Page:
FrightFest 2016 it is then. I like it for the moment halfway through the five festival days of horror and harder edges thrillers when you realise you have lost all sense of time and self and your only worry is if you are going to reach the next film in time. There was a moment when I was in the lobby and I thought I heard a fake zombie noise. Actually, it turned out to be a baby in a pushchair, but to be fair I had just been handed a flier by a zombie a moment earlier. But it gives some idea of how your mind becomes so quickly accustomed to seeing and hearing the signifiers of the horror genre when you are knee-deep in it.
This year, rather than Leicester Square, FrightFest had moved to and taken over Shepherd’s Bush Vue and – perhaps I had missed something before, but it certainly seemed more sociable simply because it wasn’t taking place on multiple levels and so perhaps there was a greater chance of bumping into people. And there was the moment when I was chatting and someone simply came up and handed us free copies of ‘Martin Collins’ without a word. Why, thank you. And then there was the moment I saw Dominic Monaghan crossing the street towards me and it took me a moment to realise that I probably shouldn’t stop him in the middle of the road to tell him that I had enjoyed ‘Pet’.
I do miss the big screen of The Empire Leicester Square where the main screen could house something like 1,300 people, all of who were tuned into the film and all justabout on the same wavelength (that screen doesn't exist now). This was particularly great when the film onscreen wasn’t so good and people started openly laughing and treating it like a comedy. The so-bad-it’s-good thing. However, there was still this reaction to ‘Blood Feast’ and ‘Sadako vs Kayako’, making them a good length more enjoyable as a shared experience.
The main menu of films is split and staggered over three screens these days and I have seen some complaints on forums that the main screen roster is somewhat tame and some of the true gems were in the alternative Discovery screens. Now, aside from ‘Willow Creek’, my experiences with the Discovery screens have not been great, so perhaps next year I will not only stick to the main screen and maybe try other things too.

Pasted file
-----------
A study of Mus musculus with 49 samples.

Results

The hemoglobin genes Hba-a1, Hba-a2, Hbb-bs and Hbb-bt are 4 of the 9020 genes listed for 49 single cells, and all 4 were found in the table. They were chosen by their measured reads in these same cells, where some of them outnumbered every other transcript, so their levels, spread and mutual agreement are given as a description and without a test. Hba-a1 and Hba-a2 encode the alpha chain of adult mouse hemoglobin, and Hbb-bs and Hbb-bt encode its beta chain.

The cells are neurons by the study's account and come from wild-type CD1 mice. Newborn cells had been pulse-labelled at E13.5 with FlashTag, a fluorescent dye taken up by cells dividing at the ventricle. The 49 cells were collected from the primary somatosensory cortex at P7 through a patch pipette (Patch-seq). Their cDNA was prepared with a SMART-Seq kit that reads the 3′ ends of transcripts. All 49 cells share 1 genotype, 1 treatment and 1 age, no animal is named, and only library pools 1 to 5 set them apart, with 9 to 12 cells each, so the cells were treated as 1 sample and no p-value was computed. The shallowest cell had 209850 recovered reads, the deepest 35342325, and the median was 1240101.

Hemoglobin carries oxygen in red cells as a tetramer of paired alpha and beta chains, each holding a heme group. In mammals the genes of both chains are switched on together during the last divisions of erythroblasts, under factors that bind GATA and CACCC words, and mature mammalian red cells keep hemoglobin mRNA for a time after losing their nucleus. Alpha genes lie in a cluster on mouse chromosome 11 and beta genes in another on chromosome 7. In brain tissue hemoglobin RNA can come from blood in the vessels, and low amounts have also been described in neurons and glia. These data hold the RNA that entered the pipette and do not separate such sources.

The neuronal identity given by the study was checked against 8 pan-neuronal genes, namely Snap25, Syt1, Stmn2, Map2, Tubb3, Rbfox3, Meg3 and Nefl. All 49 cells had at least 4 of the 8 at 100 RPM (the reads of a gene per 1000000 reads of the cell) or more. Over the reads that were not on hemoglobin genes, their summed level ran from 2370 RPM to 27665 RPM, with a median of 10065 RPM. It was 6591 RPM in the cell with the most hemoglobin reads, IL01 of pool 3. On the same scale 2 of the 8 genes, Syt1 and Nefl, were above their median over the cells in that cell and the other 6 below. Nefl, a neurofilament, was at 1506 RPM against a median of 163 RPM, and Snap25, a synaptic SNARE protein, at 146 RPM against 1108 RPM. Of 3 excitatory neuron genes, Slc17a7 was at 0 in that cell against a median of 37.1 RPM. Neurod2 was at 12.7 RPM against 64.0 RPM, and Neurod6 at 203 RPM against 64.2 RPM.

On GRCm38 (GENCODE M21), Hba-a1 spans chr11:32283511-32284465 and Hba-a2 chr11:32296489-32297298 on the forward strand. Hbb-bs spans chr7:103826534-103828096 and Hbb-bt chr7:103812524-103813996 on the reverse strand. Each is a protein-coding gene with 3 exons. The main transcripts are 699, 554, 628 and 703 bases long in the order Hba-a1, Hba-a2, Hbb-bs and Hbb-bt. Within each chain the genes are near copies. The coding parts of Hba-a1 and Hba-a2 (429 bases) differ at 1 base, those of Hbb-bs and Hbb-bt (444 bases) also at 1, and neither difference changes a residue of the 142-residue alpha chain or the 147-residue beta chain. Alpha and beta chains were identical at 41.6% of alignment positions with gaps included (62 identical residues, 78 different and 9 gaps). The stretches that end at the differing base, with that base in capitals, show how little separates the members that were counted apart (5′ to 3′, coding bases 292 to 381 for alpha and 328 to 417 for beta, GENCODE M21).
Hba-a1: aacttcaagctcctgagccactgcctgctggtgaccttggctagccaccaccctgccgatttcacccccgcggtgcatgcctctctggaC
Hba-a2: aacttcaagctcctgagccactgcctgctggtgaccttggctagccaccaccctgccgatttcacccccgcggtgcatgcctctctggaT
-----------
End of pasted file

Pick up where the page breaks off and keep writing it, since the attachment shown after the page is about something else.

And the films…
MY FATHER DIE
Sean Brosnan, 2016, USA
A fine slice of grimy Southern Gothic and surprisingly the only fully fledged vengeance narrative on the main screen where the FrightFest selection is usually inundated with them. When they were kids, Asher (Joe Anderson) saw his brother murdered by their father: now their father is being released and Asher is preparing for revenge. Sean Brosnan directs his debut with enough flair and artiness that it mostly succeeds on aesthetics alone, something like if Cam Archer directed straight horrors. It’s all surface deep as the relationships are thin and the father is a thorough is a thoroughly one dimensional slice of brutality (hey, he murders a cop on his first day out; his being released early for ‘good behaviour’ is the most unbelievable aspect of the whole affair). But, like a song with a single great riff, if you like it the pace has a full-ahead momentum that it will undoubtedly make a raw impression.
Tod Williams, 2016, USA
I don’t usually associate John Cusack, Samuel L Jackson and Stacey Keach with flatness, but they pretty much sleepwalk through this. On the poster it has the Kim Newman (an instantly recognisable face wandering around FrightFest) blurb saying ‘Cell’ is “Smart, persuasive, intriguing … a refreshing throwback.” No, it isn’t those things.
* That big screen doesn't exist now. I was there for it's last use to show 'Big Bad Wolves', so it least it went out with a bang.